Real Name: Elena Souza
Aliases: Yessica Crystal Mendez
Wanted For: Fraud
Missing Since: 1996
Details: In March 1996, in Modesto, California, Gregorio and Eduarda Scoto, both originally from Portugal, were hoping to find a cure for the painful migraines Eduarda suffered daily. Modern medicine had not helped at all. In desperation, they turned to Elena Souza, a woman they had heard about in a radio ad. She spoke Portuguese and claimed to be a faith healer. But according to police, Elena is, in reality, a masterful magician and con artist without peer.
Elena diagnosed the cause of Eduarda's headaches very quickly. She said that the Scotos had been cursed by someone who was jealous of them. She claimed that to lift the curse, she needed $300. The Scotos went to the bank and brought her the money. Eduarda claimed that by the next day, her headaches had disappeared. However, Elena told them that the curse remained. The Scotos brought her several items that she had requested, including a coconut. She wrapped the coconut in a cloth and hit it with a hammer. When she opened it, she magically produced two metal rings and two crosses. According to her, this meant that the Scotos' daughter would never marry and their son, Eddie, would soon die.
The Scotos were obviously upset and could not understand why they had been cursed. The next day, the ritual took on a truly bizarre turn. Elena "blessed" the Scotos with a chicken, chanting prayers and swooping it over their heads. Moments later, without any apparent cause, it fell dead. She asked them to cut it with a knife, but they refused. When she did so, it did not bleed.
After that, Elena put a piece of paper in a bowl and told the Scotos to touch it. When she poured water over their hands, writing and a number mysteriously appeared. The note said that in order to lift the curse, she would have to cleanse their money: $15,000 for each relative. The grand total was $90,000. When they said they didn't have that kind of money, Elena assured them that they would get it, even promising to lend it to them if necessary. She also assured them that nothing would happen to the money and that they would take it with them.
Eddie voiced his concerns, but the Scotos were completely under Elena's spell. They believed it was a matter of life and death. When they brought the cash to her, their children came with them. She promised the money would never leave their possession. She wrapped the cash in Gregorio's shirt and told them to take it home overnight.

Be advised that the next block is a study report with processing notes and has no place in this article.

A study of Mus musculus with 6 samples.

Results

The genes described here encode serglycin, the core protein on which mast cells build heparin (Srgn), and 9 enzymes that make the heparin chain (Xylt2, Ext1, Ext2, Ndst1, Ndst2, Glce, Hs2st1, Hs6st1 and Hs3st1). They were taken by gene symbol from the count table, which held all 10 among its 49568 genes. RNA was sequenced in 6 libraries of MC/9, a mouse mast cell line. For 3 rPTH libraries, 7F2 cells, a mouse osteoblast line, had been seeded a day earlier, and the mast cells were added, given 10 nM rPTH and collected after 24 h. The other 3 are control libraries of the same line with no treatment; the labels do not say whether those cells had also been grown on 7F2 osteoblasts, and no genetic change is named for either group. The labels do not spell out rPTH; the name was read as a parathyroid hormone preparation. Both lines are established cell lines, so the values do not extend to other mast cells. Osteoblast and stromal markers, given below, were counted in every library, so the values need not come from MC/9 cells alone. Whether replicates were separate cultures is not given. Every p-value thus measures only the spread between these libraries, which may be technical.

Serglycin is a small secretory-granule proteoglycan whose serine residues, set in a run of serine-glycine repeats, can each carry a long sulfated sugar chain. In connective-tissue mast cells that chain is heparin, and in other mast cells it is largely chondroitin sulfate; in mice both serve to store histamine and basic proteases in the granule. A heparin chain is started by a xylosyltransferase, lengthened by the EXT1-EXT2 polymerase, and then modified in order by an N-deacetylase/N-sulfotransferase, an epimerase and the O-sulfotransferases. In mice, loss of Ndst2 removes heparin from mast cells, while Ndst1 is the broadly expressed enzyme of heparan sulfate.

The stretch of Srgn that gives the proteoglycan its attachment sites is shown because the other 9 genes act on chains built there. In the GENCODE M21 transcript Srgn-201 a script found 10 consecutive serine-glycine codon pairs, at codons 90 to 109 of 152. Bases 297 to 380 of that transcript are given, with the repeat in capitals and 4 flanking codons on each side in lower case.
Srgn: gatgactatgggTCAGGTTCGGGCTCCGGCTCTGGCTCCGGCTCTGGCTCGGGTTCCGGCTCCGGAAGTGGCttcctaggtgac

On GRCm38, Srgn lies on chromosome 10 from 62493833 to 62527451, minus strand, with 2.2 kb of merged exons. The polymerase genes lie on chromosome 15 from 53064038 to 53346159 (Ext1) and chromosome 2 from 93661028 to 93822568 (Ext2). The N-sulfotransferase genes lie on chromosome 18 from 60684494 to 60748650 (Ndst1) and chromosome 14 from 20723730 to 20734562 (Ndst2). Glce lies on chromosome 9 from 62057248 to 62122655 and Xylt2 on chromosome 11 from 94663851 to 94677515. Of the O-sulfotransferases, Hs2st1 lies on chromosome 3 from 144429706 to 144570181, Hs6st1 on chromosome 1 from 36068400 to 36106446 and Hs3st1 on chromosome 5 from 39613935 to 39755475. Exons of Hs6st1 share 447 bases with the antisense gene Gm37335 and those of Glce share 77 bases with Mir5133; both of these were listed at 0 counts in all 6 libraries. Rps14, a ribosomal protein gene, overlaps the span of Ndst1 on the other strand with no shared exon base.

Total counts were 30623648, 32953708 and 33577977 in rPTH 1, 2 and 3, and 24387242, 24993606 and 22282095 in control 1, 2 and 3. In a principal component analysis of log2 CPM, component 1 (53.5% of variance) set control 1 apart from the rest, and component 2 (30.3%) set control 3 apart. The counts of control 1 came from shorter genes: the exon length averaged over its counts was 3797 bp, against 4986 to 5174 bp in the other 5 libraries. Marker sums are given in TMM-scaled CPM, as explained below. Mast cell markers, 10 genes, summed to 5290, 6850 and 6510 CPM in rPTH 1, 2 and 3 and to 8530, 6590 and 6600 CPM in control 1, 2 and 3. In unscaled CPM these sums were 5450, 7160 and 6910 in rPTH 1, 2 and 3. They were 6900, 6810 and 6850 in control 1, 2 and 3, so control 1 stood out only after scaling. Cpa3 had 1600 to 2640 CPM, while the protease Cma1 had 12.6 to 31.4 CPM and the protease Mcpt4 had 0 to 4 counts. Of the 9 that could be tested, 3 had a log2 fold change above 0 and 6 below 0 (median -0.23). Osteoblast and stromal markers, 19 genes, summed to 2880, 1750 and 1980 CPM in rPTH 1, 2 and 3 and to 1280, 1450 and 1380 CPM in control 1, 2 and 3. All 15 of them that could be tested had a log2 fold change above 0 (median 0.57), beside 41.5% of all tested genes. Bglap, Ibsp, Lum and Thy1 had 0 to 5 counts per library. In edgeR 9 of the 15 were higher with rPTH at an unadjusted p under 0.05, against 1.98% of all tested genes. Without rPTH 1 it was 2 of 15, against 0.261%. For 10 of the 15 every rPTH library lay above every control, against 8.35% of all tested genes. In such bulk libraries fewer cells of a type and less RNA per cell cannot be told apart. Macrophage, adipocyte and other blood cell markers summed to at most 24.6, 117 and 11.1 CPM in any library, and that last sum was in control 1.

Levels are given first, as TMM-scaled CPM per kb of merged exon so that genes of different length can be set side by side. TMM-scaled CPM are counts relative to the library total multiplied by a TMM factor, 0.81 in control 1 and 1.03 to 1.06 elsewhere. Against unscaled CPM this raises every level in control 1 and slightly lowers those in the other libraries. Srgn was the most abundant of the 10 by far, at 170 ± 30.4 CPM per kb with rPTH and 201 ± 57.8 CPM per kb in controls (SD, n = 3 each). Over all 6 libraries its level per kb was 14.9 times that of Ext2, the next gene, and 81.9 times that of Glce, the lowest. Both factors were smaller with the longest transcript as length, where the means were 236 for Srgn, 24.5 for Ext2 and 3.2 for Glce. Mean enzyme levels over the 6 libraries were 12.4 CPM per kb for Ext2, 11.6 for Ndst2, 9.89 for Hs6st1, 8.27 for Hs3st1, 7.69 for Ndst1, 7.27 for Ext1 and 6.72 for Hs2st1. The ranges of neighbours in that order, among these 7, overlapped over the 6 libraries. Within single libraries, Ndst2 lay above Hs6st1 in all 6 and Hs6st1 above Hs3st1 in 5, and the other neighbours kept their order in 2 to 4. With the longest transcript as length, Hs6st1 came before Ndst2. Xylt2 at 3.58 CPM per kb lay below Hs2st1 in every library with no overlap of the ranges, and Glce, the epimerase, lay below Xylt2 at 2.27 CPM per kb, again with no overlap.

The next day, the Scotos took the money back to Elena. She had them place it in a cloth bag and then sewed it shut, while beginning another prayer. As she prayed, she walked behind them tapping them on the back with the bag. They then watched as she put the bag in a metal box, locked it, put a chain around it, and padlocked that. She promised she would unlock it in two days. At that time, the money would be clean and the curse would be gone. She instructed the Scotos to take it home and place it in their closet.
But two days later, Elena was nowhere to be found. The Scotos, fearing the worst, called the police. When they opened the box there was an identical bag to the one that had the money in it. But inside were several $1 bills which wrapped stacks of newspaper. The Scotos' money was gone. They were devastated at what happened. They could not believe that they put their trust with a con artist.
Police believe that Elena's operation is very sophisticated and well-planned. She apparently knew "slight-of-hand" techniques that are taught in Las Vegas and Hollywood. She has been charged with grand theft. According to police, she did not work alone. One alleged accomplice, a man named Jose, apparently rented the apartment and placed ads offering her services. A young woman named Maria reportedly helped prepare the sleight of hand tricks and allegedly was a crucial part of the money bag switch.
Elena speaks Portuguese with a Brazilian accent. She is most likely operating in a Latino community.
Extra Notes: This case first aired on the January 3, 1997 episode. Other phony healers and fortune tellers profiled include Jorge Cortez, Gary Magno, and Ann Corecelli.